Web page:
Some researchers have claimed that it was this object that
destroyed the Phobos 2 spacecraft, believing that the cylinder is in fact some
form of spacecraft that silenced Phobos with an ‘energy pulse beam’.
There is no
evidence whatsoever to support this theory, indeed it was two days after
this photograph was taken that Phobos disappeared, and not, as some
commentators would have us believe, the disappearance happened within seconds of
transmitting the picture.
Indeed this is the very last picture (above)
taken by Phobos some 188km from the moon’s surface after the missing
photograph was taken. Whatever the picture shows, it is likely that the shadow on the
Martian surface is from the same source. The failure of Phobos 2 has been linked to
the sudden and rapid reduced funding towards the Soviet space programme.
'A-ha’ claim conspiracy theorists, ‘Phobos 2 was
blasted out of space by some alien ship as a warning, and the Soviets have
beaten a hasty retreat.’ Well, okay, it is true that the newly elected Council
of Deputies in the Soviet Union did drastically reduce funding, but for more
Earth-bound reasons. As Laurence Soderblom of the US Geological
Survey’s Center for Astrogeology in Flagstaff, Arizona noted "the recent
political concerns in the Soviet Union … may make the relentless exploration of
space impossible for Soviet leaders (13)."
Whatever the object is close to Phobos, it bears a remarkable
resemblance to a number of other images taken both in space and closer to home.
Recall the photograph taken of a similar object close to
the Moon and this object photographed by astronauts on the Apollo 16 mission
(NASA photo 16-19238 – right) The object also resembles that captured in a
photograph taken over Palermo in Sicily on 14th December 1978 (left). The following sequence of photographs showing similar
cigar-shaped objects were taken by George Adamski on 5th March 1951.
Adamski claims these pictures show six scout ships emerging from a ‘mother’
The objects also look suspiciously like images taken from
around the planet Saturn. This planet of Saturn is visible to the naked eye as a
yellowish, star-like point of light. The second largest planet in the Solar
System, it has a diameter of 74,980 miles, and rotates around its equator in
just ten hours and thirteen minutes (and fifty-nine seconds). It has the mass of
over ninety-five Earth’s and, excluding Jupiter outweighs all the other planets
in the Solar System put together. The planet orbits the Sun once every 29.46
years at a mean distance of 666.7 miles (14).
And in this orbit have been
detected what appear to be some extremely large and powerful extraterrestrial
space vehicles. This finding was reached by Norman Bergrun, a former Chief
Specialist with the United States Navy, after studying NASA photographs taken by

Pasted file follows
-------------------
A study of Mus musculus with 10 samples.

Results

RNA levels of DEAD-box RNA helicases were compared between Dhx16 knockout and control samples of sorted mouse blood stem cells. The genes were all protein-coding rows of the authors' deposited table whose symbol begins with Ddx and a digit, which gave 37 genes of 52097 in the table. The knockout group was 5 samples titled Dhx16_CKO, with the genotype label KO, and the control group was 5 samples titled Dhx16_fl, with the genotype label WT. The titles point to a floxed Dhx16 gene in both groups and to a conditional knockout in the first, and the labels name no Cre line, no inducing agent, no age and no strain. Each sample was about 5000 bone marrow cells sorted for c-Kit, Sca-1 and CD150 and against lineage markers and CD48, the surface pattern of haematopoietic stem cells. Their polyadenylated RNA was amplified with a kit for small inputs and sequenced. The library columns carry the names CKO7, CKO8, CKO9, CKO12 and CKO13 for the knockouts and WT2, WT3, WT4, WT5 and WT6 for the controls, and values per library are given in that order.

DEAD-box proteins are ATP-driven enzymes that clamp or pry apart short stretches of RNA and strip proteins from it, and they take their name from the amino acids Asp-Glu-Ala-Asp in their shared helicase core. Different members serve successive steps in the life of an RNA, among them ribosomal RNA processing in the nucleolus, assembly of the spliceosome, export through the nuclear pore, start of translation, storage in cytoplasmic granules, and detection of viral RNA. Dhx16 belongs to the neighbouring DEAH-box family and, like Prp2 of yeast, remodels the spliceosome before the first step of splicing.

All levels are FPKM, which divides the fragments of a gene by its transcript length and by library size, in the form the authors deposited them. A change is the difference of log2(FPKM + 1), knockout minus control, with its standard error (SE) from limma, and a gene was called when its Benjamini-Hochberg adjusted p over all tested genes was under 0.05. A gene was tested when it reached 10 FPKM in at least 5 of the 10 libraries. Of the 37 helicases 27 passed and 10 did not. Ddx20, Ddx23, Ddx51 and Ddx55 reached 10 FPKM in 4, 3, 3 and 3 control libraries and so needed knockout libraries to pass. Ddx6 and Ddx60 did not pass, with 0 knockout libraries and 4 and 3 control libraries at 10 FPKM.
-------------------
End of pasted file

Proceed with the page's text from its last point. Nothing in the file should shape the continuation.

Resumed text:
Voyager’s (taking off, below) two flybys of Saturn in the 1980s. (Voyager 1 was
closest to the planet on 12th November 1980 and Voyager 2 on
26th August 1981. Voyager was also the probe that featured in Star
Trek: The Motion Picture as ‘VGER’.) The ‘vehicles’ were identified
amongst Saturn’s rings. It was Galileo who first sighted these rings in 1610,
however his telescope was not powerful enough to actually identify them as
rings; he concluded, therefore, that the two bright spots on either side of the
planet, meant that Saturn was a triple planet.
The rings were first identified as rings by Dutch astronomer,
physicist and mathematician Christiaan Huygens (1629-95) who noted that Saturn
was "surrounded by a thin ring not adhering to the planet at any point and
inclined to the ecliptic."
Huygens concluded that the ring was solid and it was a further
sixteen years before Italian astronomer Jean Dominique Cassini working in Paris
discovered that what appeared to be a single ring was actually split into two –
now called the A and B rings. The gap between these rings is named the ‘Cassini’
division. (A third, darker ring – the C, or Crêpe, ring was detected in 1850.) Further discoveries have been made from the probes that have
bypassed the planet. It is now known that there is a faint D ring, then the C
ring, the B, then the Cassini division (filled with faint ringlets), then the A
ring with its own gap, the ‘Encke’ division. (Other minor rings have also
been noted.) A basic understanding of the names and terms applied to the rings,
assists in understanding Bergrun’s theory.
Bergrun noted in one of
the photographs taken by Voyager that there was an unidentified light and an
apparent object in Saturn’s orbit.
He wrote, "Inspection of the [photograph]
indicates that a slender body is orbiting clockwise and, in doing so, deposits a
wide trail. This trail, which can be recognised as the A ring without the Enke
(sic) division, is generated by efflux emanating from the
entire length of the body.
While most of the efflux is generated along the top, some also appears
to begin underneath and along the body sides in the form of streamers.
These streamers pass over the side toward the right, proceed above the
body and contribute to the A-ring trail.